Spain Ratchets Up Anti-Piracy Laws To Even More Ridiculous Levels: Criminal Penalties For Linking To Infringing Works
from the going-in-the-wrong-direction dept
Now that the US and the legacy entertainment companies knew that the Spanish government could be so easily pushed around, they waited barely a year before demanding even more draconian changes. And, it looks like they got them. New measures were put in place that will include the potential of criminal penalties including up to six years in prison for linking for "direct or indirect profit." Indirect profit? That means if you have a site with ads on it, and you happen to link to infringing materials, watch out.
I was in Spain a few months ago, talking with various industry and government officials about the state of the entertainment industry and copyright law -- and it was disappointing. While a number of other countries I've visited have had rather open minds on these issues, many in Spain seemed to view everything through the prism of the country's wider economic problems, and they wanted to blame so much of it on copyright infringement. There was an unfortunate level of blindness. I spoke with one exec from a company offering a video game platform, who argued that examples of success stories via innovation (rather than stronger enforcement) I talked about elsewhere didn't apply in Spain, because the population was smaller than the US, and because Spain's language was Spanish. This seemed extra strange to me, considering that guy was sitting next to someone from Spotify -- an innovative music service that came out of Sweden, a country one-fifth the size of Spain, and whose language is only spoken in that country (as opposed to Spanish -- which is the world's second most spoken language, and actually ahead of English -- but behind Chinese).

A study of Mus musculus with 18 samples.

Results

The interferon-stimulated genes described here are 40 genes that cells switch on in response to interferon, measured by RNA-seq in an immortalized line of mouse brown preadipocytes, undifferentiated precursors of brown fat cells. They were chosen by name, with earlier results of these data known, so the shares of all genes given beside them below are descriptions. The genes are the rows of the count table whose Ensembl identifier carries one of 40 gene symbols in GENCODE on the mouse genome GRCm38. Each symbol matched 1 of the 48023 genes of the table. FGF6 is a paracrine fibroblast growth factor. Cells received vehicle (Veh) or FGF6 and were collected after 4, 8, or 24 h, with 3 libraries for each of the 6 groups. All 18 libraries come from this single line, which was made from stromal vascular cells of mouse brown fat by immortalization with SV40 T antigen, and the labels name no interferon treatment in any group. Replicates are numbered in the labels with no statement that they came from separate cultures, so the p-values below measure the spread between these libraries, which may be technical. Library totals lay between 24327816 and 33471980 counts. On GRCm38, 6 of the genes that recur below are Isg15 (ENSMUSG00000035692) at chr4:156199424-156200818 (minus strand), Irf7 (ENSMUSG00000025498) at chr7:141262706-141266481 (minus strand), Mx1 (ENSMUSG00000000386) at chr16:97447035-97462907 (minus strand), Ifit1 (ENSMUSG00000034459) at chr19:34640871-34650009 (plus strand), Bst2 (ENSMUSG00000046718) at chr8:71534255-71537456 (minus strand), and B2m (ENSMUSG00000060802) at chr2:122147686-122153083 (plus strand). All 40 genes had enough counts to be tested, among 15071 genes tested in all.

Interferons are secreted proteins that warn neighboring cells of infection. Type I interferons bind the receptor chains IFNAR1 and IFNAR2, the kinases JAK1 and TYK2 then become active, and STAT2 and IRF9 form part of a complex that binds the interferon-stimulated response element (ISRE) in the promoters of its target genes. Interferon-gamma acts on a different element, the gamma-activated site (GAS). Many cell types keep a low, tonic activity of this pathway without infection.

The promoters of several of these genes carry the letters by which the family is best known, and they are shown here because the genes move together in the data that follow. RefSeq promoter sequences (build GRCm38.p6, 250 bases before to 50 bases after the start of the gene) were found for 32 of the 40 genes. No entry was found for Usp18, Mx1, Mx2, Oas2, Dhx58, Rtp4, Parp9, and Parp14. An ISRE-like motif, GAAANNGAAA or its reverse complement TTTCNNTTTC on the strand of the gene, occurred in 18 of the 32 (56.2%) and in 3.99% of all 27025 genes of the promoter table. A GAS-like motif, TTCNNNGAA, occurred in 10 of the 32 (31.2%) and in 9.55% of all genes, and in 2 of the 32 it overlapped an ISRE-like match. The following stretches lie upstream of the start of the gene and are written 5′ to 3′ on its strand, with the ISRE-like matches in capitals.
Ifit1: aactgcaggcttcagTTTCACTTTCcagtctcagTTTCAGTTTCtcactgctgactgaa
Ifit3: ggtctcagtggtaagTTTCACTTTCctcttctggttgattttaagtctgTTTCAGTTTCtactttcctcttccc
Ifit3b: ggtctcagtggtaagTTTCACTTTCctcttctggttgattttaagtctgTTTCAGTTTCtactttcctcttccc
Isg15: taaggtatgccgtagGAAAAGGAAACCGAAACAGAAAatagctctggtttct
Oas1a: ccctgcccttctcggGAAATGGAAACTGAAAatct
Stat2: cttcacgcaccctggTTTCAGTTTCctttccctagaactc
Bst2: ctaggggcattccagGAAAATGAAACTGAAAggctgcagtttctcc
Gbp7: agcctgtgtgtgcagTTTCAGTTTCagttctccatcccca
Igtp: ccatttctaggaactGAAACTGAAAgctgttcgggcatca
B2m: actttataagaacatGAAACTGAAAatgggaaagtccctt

It really just felt like the wider economic situation in Spain, with super high unemployment, just had many industry folks effectively "giving up" on innovating, and hoping that some new law would magically save them. Those kinds of situations lead to these sorts of bad laws. They won't magically make people buy. They likely will lead to dangerous lawsuits and rulings against people who most of the general public won't think did anything wrong. That doesn't help the traditional industry at all.